There was a time when I badly wanted to play the slide as a kid. It was inside a famous fast food chain with a bee mascot and lots of kids were hoarding the playpen that I couldn’t bring myself to join them. Sensing my desire, my mom assured me that it was okay to play there. She said it was for everyone.
And so I climbed the colorful structure, took a slide, and hastily walked back to where my mom was. I could still remember the expression of the children when I reached the top. They were surprised to see another kid around their age, and yet confused why I wanted to take a go at the slide when we didn’t even know each other.
Or maybe I was the only one thinking that way. In any case, I didn’t try the slide again. My mom tried to comfort me but I just shook my head, feeling embarrassed more than ever.
That was how I usually felt at the beginning of the school year. Only this time, it was with older kids who probably had no trouble introducing themselves.
But why, I asked myself again, even though I knew it was a useless feat. If there was something that couldn’t fail to wear me down, it was the introductions at the start of school year. For me, it wasn’t just useless, but was also a terrible way of making a first impression.
I sighed as I scanned the room filled with fourteen to fifteen year-olds sporting a ‘fresh’ look as the new batch of highschoolers. The girls were now wearing long sleeved blouses tucked in blue checkered skirts while the boys had already graduated from khaki shorts to a pair of navy blue pants.
All of us were wearing a black tie over our white apparel and I thought it was the coolest part of the ensemble. I even practiced a couple of times at home just to make that perfect knot. Some of my classmates didn’t seem to be particular of it though, seeing how crooked theirs were. And I couldn’t help but to be proud of mine. At this moment I could use all the confidence I could get.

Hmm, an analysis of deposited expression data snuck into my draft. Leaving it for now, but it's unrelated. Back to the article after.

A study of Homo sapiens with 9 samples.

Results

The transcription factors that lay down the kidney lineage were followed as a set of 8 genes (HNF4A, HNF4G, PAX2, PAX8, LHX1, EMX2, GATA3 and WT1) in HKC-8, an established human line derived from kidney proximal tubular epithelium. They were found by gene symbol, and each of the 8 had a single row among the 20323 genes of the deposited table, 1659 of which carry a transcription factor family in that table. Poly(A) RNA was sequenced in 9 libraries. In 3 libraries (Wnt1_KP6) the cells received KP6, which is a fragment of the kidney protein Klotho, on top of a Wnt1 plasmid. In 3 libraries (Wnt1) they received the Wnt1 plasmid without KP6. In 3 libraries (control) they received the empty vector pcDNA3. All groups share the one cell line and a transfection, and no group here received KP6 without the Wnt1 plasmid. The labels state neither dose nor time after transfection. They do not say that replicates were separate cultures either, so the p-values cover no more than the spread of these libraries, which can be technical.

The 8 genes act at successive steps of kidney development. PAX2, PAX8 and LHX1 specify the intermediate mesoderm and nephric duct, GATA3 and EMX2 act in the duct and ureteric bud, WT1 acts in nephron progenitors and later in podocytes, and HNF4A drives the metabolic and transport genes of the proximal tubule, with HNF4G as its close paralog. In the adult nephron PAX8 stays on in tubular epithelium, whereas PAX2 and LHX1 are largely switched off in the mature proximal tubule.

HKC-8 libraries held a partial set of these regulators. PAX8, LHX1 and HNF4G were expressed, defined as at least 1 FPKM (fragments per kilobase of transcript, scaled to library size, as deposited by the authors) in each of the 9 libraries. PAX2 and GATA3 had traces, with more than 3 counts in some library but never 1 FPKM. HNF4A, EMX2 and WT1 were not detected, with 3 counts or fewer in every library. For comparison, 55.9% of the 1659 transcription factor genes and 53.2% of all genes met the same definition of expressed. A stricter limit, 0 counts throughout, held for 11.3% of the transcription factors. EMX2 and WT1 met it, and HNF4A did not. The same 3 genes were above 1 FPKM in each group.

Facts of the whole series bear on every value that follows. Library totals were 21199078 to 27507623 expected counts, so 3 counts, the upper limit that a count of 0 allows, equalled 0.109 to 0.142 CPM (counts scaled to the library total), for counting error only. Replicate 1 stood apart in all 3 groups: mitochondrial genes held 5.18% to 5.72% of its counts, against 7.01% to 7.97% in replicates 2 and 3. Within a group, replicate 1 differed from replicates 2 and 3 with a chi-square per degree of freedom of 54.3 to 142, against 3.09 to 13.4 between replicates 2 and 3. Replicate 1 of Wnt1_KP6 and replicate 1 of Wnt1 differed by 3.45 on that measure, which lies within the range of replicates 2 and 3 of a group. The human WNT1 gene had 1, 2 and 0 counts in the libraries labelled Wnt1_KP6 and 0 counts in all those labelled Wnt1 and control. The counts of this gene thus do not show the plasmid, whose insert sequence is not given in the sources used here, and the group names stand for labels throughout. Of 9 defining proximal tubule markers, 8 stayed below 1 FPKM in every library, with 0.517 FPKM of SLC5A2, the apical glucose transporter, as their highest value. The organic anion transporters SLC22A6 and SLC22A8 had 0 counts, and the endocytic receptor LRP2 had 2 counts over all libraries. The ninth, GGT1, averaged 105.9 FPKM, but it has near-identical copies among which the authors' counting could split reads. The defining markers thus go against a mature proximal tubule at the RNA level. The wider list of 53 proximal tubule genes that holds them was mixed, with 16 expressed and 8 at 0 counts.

The person before me was already called so I kept a straight face, hiding the urge to run away. Somehow, I still wished it would stop before it reaches me—and it did—to my surprise, even for a brief time.
I sighed in relief as the Admissions Officer came at our door. Right beside her was a transferee who was mistakenly placed in another section. The student entered the classroom and the teacher let her introduce herself first.
“…just call me Yana for short.”
For some unexplainable reason, it was the only thing that I got from her introduction. It wasn’t a matter of not paying attention, because I did, probably more than necessary even.
Is it her smile showing off a beautiful set of teeth? Or the way she effortlessly looks at the crowd? Or maybe it’s her hair. The school doesn’t accept students with dyed hair, so hers must be natural. Yeah, it must be the hair, I wondered as the rest of us finished the activity.
I could tell all eyes were on her as we shuffled around to take our permanent seats for the year. We had the usual alphabetical arrangement divided into five groups in class; two columns per group, with five rows. And out of the forty-ish armchairs in the room, I couldn’t believe she would be sitting right next to me.